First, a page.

DOHA – Hamad bin Jassim bin Jaber Al Thani, the former prime minister of Qatar, is also among the individuals named in the latest treasure trove of Paradise Papers. Uncovered by the International Consortium of Investigative Journalists on Sunday, the latest
DOHA – Hamad bin Jassim bin Jaber Al Thani, the former prime minister of Qatar, is also among the individuals named in the latest treasure trove of Paradise Papers.
Uncovered by the International Consortium of Investigative Journalists on Sunday, the latest documents blew the lid off several global notables including Queen Elizabeth II of England and US Secretary of State Rex Tillerson but another renowned politician named in the papers is Prince Hamad bin Jassim bin Jaber Al Thani.
Though Jassim might be of ordinary importance for international community, but for Pakistan, he is not an unknown face as he became the central figure to investigations triggered in the country in the backdrop of Panama Papers revealed last year.
The Qatari prince hit headlines in the country when a letter attributed to him by the then ruling Sharif family was submitted in the Supreme Court.
The letter that appeared as a ‘straw’ to the embattled Sharif family suggested that Jassim’s elders had business terms with the father of the then Pakistani Premier Nawaz Sharif and the business ties eventually led to the purchase of upscale Avenfield House flats in London.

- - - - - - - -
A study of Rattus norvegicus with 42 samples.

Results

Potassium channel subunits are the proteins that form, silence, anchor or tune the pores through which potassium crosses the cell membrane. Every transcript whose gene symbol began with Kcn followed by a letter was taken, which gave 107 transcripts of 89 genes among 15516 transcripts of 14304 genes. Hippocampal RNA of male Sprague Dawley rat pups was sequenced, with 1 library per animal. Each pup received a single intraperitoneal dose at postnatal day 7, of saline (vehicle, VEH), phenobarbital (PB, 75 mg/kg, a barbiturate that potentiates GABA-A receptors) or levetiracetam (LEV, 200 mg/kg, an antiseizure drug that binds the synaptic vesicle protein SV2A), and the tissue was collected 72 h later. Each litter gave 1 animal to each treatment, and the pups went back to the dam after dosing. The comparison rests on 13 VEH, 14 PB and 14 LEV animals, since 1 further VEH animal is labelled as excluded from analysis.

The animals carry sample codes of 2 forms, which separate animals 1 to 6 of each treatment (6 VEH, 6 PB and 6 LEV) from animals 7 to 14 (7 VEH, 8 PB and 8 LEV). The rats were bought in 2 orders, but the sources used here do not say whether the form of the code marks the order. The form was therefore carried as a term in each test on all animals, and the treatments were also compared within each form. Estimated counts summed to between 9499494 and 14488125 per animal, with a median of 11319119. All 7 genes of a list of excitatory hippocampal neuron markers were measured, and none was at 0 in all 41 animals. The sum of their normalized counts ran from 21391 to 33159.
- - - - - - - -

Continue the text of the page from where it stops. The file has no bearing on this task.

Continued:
The letter dubbed ‘Qatari Letter’ was submitted on Nov 15 by the counsel for Nawaz Sharif, Akram Sheikh.
The letter addressing the apex court stated that in 1980, Mian Muhammad Sharif (Nawaz Sharif’s father) invested 12 million Dirhams in the Al Thani company belonging to the Qatari prince’s father.
“In the year 2006, the accounts in relation to the above investment were settled between Hussain Nawaz Sharif and Al Thani family, who then delivered the bearer shares of the companies referred in para 4 above to a representative of Hussain Nawaz Sharif,” the letter read.
In January 2017, another letter attributed to the same prince was furnished before the top court explaining that the investment quoted in first letter was ‘made by way of provision of cash, which was a common practice in the Gulf region’.
Much to the dismay of Sharif family, the letter was termed a ‘myth’ by the Joint Investigation team formulated by the Supreme Court in the aftermath of April 23 order.
Apart from rejecting the letter, the members of the inquiry panel ruled that the ruling family had never invested 12 million Dirhams in the Qatari royal family’s business.
Following investigations, the JIT termed the contents of both Qatari letters ‘hearsay’ and contradictory in nature, stating the “prince did not mention how, when and from whom he learnt about this [investment in Qatar].”